Image courtesy of Corning Incorporated.
Corning’s Manufacturing & Technology Center, located in Hickory, North Carolina.

Corning Optical Communications Goes Full Circle with Verizon And 5G

April 26, 2022
Corning’s Hickory Manufacturing & Technology Center experiments with private 5G wireless network.

In 1970, three scientists at Corning developed the world’s first low-loss optical fiber, paving the way for today’s high-speed internet services and wireless 5G networks. In 2022, at Corning’s Hickory Manufacturing & Technology Center in Hickory, North Carolina, a private wireless 5G network supports experiments to further improve Corning’s fiber optic manufacturing processes.

“We’re doing this at one of the largest optical cable manufacturing plants in the world where we make the optical cable that forms the backbone of today’s telecommunications network. That includes Verizon’s 5G network that runs over our fiber and over our cable,” says Mike Bell, senior vice president and general manager at Corning Optical Communications.

“Now we’re leveraging those Verizon 5G capabilities in our factory, running over our infrastructure and some of our radio technology, to improve the way that we make that fiber and cable that feeds the 5G network in the first place,” Bell says.

Early Successes With 5G

Insights gleaned from Corning’s partnerships helped the company get the 5G network up and running in three months, enabling early experiments with parallel communication between autonomous mobile robots. “Then, we moved into a second phase where we said, ‘hey, let's start doing different kinds of experimentation with process control types of applications,’” Bell says.

Corning’s current experiments center on a pair of vision system technologies. The first system monitors the extrusion process that creates fiber optic cable, capturing images and feeding them via 5G network directly to computers that analyze the images to detect defects. The second system conducts high-speed inspection of a proprietary fiber production process, live feeding the data to a system that allows engineers to monitor trends.

“We picked one cable experiment, one fiber experiment, because we make both. So that was one of the things that was important to us,” Bell says. “We were looking for things that were real problems in our factories, not just to see if the technology could do a thing. We wanted to see if it could actually solve a real problem. And in both cases, the answer was yes. So that led us to say this could actually create some really interesting value and be transformative.”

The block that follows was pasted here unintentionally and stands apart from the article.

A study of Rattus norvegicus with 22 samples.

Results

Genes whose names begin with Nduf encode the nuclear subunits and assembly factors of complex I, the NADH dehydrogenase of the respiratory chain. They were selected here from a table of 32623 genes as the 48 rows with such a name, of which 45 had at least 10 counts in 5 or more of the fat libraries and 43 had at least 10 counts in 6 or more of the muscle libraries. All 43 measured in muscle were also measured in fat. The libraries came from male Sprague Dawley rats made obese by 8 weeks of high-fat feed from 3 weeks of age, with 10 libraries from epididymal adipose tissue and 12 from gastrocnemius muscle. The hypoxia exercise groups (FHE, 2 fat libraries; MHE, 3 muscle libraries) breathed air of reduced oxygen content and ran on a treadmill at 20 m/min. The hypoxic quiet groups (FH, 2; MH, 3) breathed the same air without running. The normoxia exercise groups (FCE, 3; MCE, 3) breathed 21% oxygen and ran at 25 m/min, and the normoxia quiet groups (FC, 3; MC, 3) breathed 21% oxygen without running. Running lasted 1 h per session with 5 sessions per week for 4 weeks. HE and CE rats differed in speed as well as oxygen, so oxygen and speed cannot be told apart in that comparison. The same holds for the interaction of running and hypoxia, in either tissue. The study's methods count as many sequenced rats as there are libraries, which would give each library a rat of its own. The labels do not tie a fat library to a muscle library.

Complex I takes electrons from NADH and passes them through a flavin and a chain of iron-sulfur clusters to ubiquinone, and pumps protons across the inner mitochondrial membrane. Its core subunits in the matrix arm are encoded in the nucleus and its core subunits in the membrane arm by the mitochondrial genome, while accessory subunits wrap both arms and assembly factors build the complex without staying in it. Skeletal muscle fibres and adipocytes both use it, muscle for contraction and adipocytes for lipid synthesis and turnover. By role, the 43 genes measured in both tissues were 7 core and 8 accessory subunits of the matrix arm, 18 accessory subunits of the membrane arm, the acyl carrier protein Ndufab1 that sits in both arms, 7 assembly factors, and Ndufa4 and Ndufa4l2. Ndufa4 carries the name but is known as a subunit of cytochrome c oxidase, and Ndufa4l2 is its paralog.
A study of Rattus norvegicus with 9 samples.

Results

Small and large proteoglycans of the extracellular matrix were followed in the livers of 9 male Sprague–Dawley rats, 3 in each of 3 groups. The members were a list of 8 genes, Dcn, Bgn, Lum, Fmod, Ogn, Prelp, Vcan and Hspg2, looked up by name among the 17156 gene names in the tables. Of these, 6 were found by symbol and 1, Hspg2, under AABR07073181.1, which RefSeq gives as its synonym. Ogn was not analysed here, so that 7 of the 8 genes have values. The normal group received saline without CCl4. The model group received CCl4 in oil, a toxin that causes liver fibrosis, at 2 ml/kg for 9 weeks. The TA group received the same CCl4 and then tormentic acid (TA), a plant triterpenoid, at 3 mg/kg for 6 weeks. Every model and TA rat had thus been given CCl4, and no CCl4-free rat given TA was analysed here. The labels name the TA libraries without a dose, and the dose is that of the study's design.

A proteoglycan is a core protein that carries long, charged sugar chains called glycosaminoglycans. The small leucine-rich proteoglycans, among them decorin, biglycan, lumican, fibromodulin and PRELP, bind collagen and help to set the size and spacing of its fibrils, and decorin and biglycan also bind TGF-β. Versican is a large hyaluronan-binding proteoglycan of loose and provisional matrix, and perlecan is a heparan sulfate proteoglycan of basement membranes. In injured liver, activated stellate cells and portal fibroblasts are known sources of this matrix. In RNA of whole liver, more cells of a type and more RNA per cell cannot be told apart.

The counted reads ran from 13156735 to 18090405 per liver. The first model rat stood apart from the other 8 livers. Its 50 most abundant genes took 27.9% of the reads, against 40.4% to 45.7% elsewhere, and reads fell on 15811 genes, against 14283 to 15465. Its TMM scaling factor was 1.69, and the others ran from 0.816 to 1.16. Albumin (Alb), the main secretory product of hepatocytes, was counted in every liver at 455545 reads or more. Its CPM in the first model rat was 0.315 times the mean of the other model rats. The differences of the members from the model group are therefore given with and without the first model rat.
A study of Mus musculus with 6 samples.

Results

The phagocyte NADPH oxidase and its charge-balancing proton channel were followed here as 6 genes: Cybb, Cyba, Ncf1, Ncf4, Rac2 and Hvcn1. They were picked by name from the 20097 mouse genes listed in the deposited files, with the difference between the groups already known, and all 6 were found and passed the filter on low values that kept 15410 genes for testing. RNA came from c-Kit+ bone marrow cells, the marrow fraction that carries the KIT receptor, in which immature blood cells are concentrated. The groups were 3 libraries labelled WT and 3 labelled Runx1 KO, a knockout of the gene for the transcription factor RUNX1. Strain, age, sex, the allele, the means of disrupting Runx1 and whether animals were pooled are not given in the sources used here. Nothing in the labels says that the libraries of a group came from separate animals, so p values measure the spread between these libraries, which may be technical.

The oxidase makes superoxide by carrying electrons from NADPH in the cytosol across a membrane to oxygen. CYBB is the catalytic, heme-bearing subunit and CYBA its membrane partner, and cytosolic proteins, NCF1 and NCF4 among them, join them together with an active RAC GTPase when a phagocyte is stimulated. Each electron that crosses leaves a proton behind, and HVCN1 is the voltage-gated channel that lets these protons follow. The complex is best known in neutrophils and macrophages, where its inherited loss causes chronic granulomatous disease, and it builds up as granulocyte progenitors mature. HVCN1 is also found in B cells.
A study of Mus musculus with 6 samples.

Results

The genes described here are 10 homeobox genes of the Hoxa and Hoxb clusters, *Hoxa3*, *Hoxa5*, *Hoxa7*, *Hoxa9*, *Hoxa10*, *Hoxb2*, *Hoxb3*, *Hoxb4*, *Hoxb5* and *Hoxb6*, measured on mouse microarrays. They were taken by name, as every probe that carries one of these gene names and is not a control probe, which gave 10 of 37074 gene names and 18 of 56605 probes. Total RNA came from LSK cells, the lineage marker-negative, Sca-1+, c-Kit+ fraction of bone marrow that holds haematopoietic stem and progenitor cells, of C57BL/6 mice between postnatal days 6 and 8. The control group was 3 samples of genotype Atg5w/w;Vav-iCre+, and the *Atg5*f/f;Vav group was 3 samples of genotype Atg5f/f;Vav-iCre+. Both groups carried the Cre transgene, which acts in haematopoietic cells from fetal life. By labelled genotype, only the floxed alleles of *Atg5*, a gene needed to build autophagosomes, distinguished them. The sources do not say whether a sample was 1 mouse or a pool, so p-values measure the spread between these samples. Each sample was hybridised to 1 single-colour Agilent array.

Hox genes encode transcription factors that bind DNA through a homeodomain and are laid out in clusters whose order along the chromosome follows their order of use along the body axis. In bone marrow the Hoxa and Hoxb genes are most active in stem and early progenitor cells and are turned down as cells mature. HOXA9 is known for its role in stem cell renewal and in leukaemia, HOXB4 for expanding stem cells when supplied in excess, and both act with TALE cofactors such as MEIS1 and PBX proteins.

The Inevitability of 5G Networks

Working with Verizon to install the 5G network extends a long-running collaboration between the two companies. “We’ve had a very deep collaboration with Verizon for many years. 2004 is when we announced their ‘fiber to the home’ program,” Bell says. “And that we were also a 5G network equipment provider just made it a natural thing for us to say yes to.”

Verizon in October 2019 announced the deployment of the 5G network at the Hickory plant. The technology is so new that, owing to a dearth of 5G-enabled devices, the plant required media converters, gateways and similar technologies to get the network up and running and ready to conduct experiments.

“There aren’t a lot of 5G network interface cards around yet, or any other devices. There are ways of converting the data from one protocol to another and so we have to put in special provisions for now,” says Bell. “I think that there weren’t even a whole lot of 5G phones around [in 2019], so it was really at a nascent state at that point.

“But we knew it was coming. Everybody was planning on it,” Bell continues. “And at a lot of the shows, including Mobile World Congress and lots of others, people were getting geared up to do this and they’d done all the tests and whatnot.”

Exploring Horizons With Verizon

Owing to the success of these early experiments, Bell imagines future advantages the Hickory plant may enjoy as a result. One idea involves 5G networks as a unifying technology for a plant, for example allowing a plant to push updates simultaneously to different PLCs on the floor instead of manually connecting computers to individual devices.

“Most manufacturers have a lot of invested capital, it’s unlikely you're going to go in and put something in and rip everything out and replace it,” Bell says. “So, to me, having some layer like 5G is a way to do what we were talking about [regarding PLC updates].”

“We look a lot at how we enhance our processes. If we have a particular process variable we want to control better, now, if you could do it through a camera system or some other sensor, you could put it on experimentally, you can make sure that it works if you have the right speed, reliability, latency,” Bell continues. “You can process it if it’s an image, you can process it with mobile edge compute. You can bring it back in the blink of an eye.

“And if you can get your PLCs and other parts of your network talking to this layer, well, then voila, you do have this sort of overlying layer,” Bell says. “I call it a product quality architecture layer that we’ve always desired to have. I think probably most forward-thinking manufacturing 4.0 thinkers would come to a similar conclusion.

“It’s nothing that we’re going to do tomorrow, but it’s something that we’re thinking about and just dreaming about,” Bell adds. “What else could you do with this? If these things work, that would be an implication in the future.”